Thank you, WW, for bringing attention to this issue ["The Fight for Justice for Oregon's Transgender Inmates," WW, April 16, 2014]. We desperately need prison reform in this country.

Allowing institutionalized violence against transgender prisoners promotes institutionalized violence against all prisoners. Gay, straight, woman, man—whatever. No one is safe when society is allowed to treat prisoners as less than human.

When you stand up for transgender prisoners, you are standing up for yourself.


Just reading this article makes me sick to my stomach—how can these prison officials get away with this?

Our prison system needs to be changed to accommodate transgender people, and inhuman treatment of a prisoner should be punished by law.

That these officials are still in their jobs is unbelievable; they need to be removed.

—"Susi Rogler Lantz"

There is such a thing as "cruel and unusual" punishment, and it is forbidden under the Eighth Amendment to the U.S. Constitution. Withholding necessary medical treatment has long been considered to meet the standard of "cruel and unusual."

Just because you're convicted of a crime doesn't mean you have no rights.


You're asking the least enlightened state government agency to deal with one of the most complex socio/medical/sexual issues possible. Good luck with that.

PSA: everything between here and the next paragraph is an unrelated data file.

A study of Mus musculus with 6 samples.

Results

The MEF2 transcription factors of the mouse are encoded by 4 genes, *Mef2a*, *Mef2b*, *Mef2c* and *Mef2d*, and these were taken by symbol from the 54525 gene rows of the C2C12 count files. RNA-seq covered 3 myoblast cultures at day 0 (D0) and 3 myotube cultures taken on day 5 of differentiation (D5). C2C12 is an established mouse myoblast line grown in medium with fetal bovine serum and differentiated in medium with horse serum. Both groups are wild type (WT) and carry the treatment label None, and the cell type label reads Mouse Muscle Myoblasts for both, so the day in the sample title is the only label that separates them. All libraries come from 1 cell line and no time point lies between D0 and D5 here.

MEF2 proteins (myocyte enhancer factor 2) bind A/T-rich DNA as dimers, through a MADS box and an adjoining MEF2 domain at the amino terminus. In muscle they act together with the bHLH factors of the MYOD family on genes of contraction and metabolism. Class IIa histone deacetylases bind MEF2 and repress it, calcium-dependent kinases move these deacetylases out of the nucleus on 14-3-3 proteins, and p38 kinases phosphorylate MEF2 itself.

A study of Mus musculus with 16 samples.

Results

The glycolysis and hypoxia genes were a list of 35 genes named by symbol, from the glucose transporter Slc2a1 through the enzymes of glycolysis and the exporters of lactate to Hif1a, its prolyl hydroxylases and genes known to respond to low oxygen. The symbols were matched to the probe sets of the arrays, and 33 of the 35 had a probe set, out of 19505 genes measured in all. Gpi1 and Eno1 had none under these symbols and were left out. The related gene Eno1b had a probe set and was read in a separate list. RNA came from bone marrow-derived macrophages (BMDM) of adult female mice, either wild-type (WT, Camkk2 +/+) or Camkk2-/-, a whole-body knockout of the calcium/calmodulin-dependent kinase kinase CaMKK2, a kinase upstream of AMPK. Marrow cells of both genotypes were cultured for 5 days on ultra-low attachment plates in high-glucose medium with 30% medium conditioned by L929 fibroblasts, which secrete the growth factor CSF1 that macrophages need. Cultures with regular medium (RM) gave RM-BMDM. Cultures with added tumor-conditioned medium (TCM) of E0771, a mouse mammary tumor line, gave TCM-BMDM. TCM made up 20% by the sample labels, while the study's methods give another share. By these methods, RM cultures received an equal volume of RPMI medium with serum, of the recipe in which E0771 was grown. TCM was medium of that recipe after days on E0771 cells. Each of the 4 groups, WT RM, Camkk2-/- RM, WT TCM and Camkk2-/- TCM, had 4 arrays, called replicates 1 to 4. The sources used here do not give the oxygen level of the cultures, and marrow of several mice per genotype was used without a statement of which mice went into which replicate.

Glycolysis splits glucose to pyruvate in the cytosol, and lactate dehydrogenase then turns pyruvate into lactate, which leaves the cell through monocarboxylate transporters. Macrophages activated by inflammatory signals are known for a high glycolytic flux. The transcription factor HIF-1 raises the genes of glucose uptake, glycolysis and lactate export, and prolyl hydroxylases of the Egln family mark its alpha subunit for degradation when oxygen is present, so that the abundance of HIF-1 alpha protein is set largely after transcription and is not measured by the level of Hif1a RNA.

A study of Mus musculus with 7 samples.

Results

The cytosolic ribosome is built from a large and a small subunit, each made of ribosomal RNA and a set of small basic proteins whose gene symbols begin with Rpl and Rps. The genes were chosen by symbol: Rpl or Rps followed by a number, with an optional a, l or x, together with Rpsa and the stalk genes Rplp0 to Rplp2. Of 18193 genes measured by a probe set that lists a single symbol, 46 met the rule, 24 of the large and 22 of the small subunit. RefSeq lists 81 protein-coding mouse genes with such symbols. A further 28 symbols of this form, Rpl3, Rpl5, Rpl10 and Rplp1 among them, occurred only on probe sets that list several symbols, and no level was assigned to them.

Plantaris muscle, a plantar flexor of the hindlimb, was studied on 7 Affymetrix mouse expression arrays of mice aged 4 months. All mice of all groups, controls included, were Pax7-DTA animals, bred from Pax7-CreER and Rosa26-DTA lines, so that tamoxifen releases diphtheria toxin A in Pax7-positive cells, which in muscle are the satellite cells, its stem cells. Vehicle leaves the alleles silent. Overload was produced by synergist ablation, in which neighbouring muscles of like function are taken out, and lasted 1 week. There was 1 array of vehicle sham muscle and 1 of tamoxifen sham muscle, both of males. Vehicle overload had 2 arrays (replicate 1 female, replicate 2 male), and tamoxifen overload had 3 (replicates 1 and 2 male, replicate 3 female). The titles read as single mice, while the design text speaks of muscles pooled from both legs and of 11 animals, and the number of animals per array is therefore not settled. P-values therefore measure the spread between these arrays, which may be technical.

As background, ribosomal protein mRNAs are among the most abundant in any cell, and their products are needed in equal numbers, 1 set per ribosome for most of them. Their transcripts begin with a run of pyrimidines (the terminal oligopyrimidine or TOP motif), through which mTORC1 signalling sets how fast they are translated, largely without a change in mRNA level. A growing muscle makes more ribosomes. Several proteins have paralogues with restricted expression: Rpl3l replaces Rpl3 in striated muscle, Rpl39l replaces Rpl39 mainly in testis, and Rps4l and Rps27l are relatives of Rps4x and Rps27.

—"Irving Berliner"


GMO proponents think these crops can be a magic panacea that can solve the world's problems ["Put a Label on It," WW, April 16, 2014]. They don't understand the market forces that drive innovation in this field aren't pushing in those sorts of directions.

The tone of this article is incredibly condescending, just like most of the fluoride articles.

Don't believe in medicating the water supply? You're anti-science! Would like accuracy in food labeling? You're anti-science!

This is exactly what pushed many people to vote against fluoride, and it's what's going to push people to vote for GMO labeling.


GMO labeling is not about the science, it's very simple: give us the information so we can make our own decisions about what we buy and eat.

The big chemical companies that create genetically modified foods have been operating in secret for too long. Consumers want transparency—especially in food products.



Your paper edition should come with the warning: "Headlines not to be taken literally."

I nearly had a meltdown when I read the [front-page teaser] "The New Ziploc Ban." Thinking the Portland City Council had found a new environmental evil to outlaw, I was starting to make alternate plans for storing my lunch-bag snacks.

But then I read the article ["Cloudy Days," WW, April 16, 2014] and realized that WW was using "Ziploc" as a metonym for "marijuana storage and transport devices."

The question now is, what can I do with my stockpile of 527 boxes of Ziploc bags I rushed out to buy before this perceived "ban"?